Festival without mythical stories and rich cultural history are not just possible!! Well, it could be possible but won't have the same classical & historical appeal. Bisket Jatra has significant mythological touch on why it is celebrated since the Lichchhavi era ( 400 A.D- 750A.D) which is observed for nine days. It’s a celebration in commemoration of victory over two snakes responsible for making the princess into widow many times over. Two of most powerful indigenous deities are also celebrated in this great festival, the wrathful god Bhairava and the goddess Bhadrakali.

Bisket Jatra is a lively festival and the source of all the liveliness are the two chariots of the God Bhairava and Goddess Bhadrakali. A huge and hefty chariot carrying images of the god Bhairava is hauled by hundreds of locals to its resting place named  Khalna Tole. The chariot slog around town, the main purpose to give the people a sight of their Gods and pay respects and offerings from right in front of their own houses or in their own neighbourhood. The chariots are meant to be hauled by every able-bodied local male; participation in it is seen as an honourable way to pay respects to their deities. A lot of the chariot pullers are intoxicated on local rice beer or other local liquor and it is their masquerade that make things lively. Its is that very holy spirited debauchery that many people come to see and be a part of.

After going through the alleys of Bhaktapur, at their resting place at Khalna Tole. Here, on Nepali New Year eve, a large 80 feet wooden pole is erected. The erected pole symbolises male genital and the stone on which it is erected represents female genital. The unity now symbolises fertility. On New year’s day it is pulled down in a tug-of-war game by two divided groups, sometimes also representing people from different parts of Bhaktapur city. As the pole hits the ground, New Year officially commences.

Here are some interesting stories related to the celebration of Bisket Jatra:

Slaughtering of snakes
According to mythology, every man who married the Princess of  the Bhaktapur died the honeymoon night. Then a brave prince from another country married a Princess and stayed awake for his first wedding night.  Soon two serpents came out of nostrils of the princess while asleep. The brave Prince took out his sword and chopped the serpents’ heads off their bodies. A different version of the story says it the Tantric powers of the new groom that killed the serpents. Hence the celebration for the victory over demon snakes. An eighty-foot lingam (pole) carved from a tree stands fluttering with banners representing two serpent demons slaughtered by the prince. The gigantic lingam is pulled down to the earth and the moment it hits the ground, the old year dies with the snake demons. It’s the sign that New Year has begun.

Consummation and fertility
This festival are also closely related to the consummation and fertility. At midnight, the chariots of Bhairab and Bhadrakali are brought together to symbolize copulation. The Bhairab chariot does not move instead the Bhadrakali chariot keeps dashing passionately to the Bhairab at midnight. The fall of the pole during the Bisket Jatra heralds Bikram Sambat New Year and the collision of the chariots stands for the ritual consummation and ultimately represents fertility.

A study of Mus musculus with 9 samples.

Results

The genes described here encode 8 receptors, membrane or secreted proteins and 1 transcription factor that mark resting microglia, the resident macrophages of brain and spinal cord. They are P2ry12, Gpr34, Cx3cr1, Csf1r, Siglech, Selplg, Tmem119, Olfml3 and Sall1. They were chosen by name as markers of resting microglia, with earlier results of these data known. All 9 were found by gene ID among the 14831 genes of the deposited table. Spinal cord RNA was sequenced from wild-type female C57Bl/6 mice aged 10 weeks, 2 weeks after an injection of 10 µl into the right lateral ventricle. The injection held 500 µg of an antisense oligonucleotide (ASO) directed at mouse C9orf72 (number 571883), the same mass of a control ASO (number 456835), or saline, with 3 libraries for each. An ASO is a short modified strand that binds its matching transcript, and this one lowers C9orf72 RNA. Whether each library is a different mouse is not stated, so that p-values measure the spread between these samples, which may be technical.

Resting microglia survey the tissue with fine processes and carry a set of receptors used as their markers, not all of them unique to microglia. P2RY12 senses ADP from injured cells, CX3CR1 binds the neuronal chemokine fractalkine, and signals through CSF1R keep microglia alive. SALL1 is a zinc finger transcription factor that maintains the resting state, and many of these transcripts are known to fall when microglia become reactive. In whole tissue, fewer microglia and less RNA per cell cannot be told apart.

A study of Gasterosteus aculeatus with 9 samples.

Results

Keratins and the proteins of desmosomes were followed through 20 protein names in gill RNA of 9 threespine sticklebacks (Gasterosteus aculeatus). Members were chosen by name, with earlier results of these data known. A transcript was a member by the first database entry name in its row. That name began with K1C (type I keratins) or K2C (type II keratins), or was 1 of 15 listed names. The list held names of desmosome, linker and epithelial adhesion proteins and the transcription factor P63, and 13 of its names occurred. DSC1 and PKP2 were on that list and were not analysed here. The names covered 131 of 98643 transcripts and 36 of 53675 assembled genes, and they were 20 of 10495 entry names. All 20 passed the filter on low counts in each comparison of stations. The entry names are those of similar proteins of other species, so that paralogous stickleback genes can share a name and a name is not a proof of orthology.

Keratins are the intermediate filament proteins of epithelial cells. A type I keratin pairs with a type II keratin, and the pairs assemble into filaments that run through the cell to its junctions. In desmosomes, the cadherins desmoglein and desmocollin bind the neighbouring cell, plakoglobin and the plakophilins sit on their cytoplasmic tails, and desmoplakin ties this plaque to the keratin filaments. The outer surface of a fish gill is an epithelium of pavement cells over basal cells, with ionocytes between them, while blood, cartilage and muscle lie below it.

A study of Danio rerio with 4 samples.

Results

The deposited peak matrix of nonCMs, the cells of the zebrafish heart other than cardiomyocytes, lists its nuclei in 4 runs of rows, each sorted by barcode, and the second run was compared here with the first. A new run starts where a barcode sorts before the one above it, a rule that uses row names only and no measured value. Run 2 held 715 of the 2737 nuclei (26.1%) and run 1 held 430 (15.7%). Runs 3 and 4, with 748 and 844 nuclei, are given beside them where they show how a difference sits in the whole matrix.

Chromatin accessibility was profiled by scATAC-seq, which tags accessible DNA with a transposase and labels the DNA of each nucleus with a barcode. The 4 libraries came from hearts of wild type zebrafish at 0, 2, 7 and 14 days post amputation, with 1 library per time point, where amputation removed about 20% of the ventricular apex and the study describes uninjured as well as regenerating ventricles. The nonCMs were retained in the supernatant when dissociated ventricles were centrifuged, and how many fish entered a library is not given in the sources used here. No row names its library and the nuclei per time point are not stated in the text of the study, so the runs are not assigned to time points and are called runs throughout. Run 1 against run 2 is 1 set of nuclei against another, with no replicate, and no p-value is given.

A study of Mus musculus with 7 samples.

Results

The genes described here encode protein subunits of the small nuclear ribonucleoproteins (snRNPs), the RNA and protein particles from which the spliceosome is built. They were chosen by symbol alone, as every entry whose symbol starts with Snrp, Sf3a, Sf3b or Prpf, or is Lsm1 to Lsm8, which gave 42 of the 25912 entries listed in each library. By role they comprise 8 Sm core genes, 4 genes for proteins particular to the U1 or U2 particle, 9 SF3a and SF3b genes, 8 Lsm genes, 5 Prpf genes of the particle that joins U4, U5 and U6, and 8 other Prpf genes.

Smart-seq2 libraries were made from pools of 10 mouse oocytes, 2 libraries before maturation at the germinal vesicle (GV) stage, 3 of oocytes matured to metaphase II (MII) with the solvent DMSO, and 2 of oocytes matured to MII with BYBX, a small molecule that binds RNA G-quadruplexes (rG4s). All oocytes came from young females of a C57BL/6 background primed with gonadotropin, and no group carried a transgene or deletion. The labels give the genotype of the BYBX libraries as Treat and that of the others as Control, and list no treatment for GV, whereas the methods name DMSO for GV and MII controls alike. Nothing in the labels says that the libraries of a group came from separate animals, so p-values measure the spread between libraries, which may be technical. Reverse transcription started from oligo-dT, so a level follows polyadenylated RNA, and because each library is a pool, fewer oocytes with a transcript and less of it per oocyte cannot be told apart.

The  practice of tongue is all over the world, albeit for different Gods. Nine Emperor  Gods Festival celebrated in East-Asian countries with different names exhibit tongue-piercing to another level. However, the intention of people from different regions are the same, honoring their Gods. In Nepal, it is practised to this day but during Bisket Jatra only. Obviously painful but pulling it off implies that only a blessed person can bear the pain. It is believed that the painful act will bring good fortune to the villagers. This takes place in Bode, Bhaktapur. A volunteer from Shrestha clan pierces his tongue with an iron spike and walks around the town in a massive procession to honor the god.

Male Child
The lingam which is about 80 feet tall is adorned with a plant on its top. Energetic youths attempt to climb the pole, using big ropes in order to touch the plants. It is believed that whoever is able to do so will increase his probability of having a son. Being a patriarchal society having a son is considered to be the boon for the family.

The two divided groups of eastern and western Bhaktapur have a historic story behind the brick-pelting act. It is not known conclusively whether this act is a deliberate action as symbolic re-enactment of an ancient feud or just random brawls initiated by intoxicated minds in that chaos. Both the stories have someone vouching but there is no doubt that such acts are the main attraction of the festival, or at least to a majority of visitors who are not from Bhaktapur. It is natural that, no one prefers to be second to worship the gods and a brawl ensues. Thanks to local authorities and community elders, such brawls have become a thing of the past and old habits die hard and a sign of potential brawls can be seen often but authorities are quick to react.

If the description above motivatated you to see this festival for yourself here are the dates for 5 more years to come:
2016- April 13
2017- April 14
2018- April 14
2019- April 14
2020- April 13

'Rath yatra' on Bisket Jatra, Bhaktapur

Bisket Jatra in Bhaktapur


This article was written by an internal staff writer.